The most practical solution is to use an analog (PID) temperature controller positioned between the programmable logic controller (PLC) and the temperature sensors to provide clear and accurate scaled-control signals to the PLC. This replaces traditional step function control algorithms and results in both greater accuracy and faster system response times.
The key to successful system operation in such cases is the highly accurate PID algorithms, which reside in purpose-built temperature controllers, says Steve Miller, controllers product manager at Eurotherm, Leesburg, Va. Algorithms like these have continuously evolved over at least 20 years and allow the controller to respond to analog signal changes rapidly and with exceptional accuracy. In particular, such controllers are able to respond to small analog signal changes, such as those being produced by standard thermocouple temperature sensors, faster than digital devices such as PLCs.
This application area has grown to be of such importance over recent years that controllers have been developed specifically to integrate seamlessly with PLCs and other supervisory control and monitoring systems, Miller says.
This type of controller offers exceptional modularity both in terms of hardware and software functions, and their features enable them to handle a wide range of applications, from simple multi-loop and data acquisition up to complex strategies, including setpoint programming, and mathematical and logical operations. This approach is particularly relevant in PLC-based multi-loop PID applications such as plastics extrusion and multi-zone furnaces. By devolving loop control to the analog controller, the PLC can concentrate on providing fast and effective logic control without the burden of running complex control algorithms.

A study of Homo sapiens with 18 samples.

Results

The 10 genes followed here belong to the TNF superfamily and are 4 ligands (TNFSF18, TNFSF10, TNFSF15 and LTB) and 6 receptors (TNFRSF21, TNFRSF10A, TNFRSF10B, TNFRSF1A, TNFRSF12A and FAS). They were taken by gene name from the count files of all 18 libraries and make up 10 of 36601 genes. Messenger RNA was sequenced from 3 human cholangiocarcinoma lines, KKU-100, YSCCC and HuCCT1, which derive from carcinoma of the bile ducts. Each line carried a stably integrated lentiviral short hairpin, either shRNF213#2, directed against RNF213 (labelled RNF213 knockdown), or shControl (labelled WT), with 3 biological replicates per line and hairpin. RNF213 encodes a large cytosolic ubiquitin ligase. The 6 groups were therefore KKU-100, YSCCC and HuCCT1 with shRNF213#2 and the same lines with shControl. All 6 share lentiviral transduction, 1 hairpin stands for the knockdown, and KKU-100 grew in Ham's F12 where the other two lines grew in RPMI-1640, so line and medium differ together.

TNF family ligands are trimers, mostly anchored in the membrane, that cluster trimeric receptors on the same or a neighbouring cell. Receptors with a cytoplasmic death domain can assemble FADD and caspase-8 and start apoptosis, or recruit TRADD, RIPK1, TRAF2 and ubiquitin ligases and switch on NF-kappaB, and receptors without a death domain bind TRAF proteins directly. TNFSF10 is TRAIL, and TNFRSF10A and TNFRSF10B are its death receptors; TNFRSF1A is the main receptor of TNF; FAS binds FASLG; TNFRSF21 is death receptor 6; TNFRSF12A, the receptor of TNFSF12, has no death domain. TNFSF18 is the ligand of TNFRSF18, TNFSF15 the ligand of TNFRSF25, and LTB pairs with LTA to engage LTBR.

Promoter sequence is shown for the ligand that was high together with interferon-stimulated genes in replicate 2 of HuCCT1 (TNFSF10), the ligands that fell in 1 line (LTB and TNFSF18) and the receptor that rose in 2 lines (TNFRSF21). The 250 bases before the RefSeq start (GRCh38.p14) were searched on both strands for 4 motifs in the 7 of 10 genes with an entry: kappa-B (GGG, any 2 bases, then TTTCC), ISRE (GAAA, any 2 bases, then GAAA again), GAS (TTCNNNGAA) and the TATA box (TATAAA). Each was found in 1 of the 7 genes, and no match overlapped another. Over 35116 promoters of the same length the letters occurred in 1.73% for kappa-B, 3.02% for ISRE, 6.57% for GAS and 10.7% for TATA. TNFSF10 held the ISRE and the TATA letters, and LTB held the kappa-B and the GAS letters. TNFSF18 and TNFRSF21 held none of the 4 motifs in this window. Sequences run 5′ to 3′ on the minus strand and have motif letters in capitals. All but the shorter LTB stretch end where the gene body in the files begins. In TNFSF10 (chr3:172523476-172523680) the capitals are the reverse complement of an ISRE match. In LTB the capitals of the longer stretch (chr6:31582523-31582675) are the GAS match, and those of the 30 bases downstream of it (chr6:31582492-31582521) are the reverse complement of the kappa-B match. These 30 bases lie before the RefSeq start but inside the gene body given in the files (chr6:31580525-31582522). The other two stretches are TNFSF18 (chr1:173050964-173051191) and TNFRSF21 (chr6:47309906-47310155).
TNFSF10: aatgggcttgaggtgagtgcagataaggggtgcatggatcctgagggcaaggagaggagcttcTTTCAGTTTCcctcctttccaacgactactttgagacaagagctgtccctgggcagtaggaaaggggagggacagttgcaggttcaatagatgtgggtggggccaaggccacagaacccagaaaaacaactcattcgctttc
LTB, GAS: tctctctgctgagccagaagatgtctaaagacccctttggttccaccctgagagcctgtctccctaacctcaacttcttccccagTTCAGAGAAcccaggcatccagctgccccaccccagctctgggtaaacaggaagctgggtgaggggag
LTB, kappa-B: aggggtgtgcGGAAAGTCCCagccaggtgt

SidebarToday's newly-developed controllers designed to integrate seamlessly with PLCs and other supervisory control and monitoring systems offer more than improved overall system performance.
Additional advantages include easier configuration, deterministic response and the same autotune capability featured in standard analog controllers. Inputs and outputs always are updated at a fast PV rate and, as with a PLC, are in no way dependent on the strategy being run.
A further advantage is the inherent ability of modern temperature controllers to communicate independently. Using well known protocols such as Ethernet (Modbus), Serial Modbus, or DeviceNet, modern analog controllers are easy to interface to both PLCs and other intelligent masters. They also offer a highly cost-effective alternative to performing analog measurement or control loops within the PLC. By implementing these functions remotely, PLC system hardware cost is reduced and each PLC is relieved of the extra processing burden of analog control.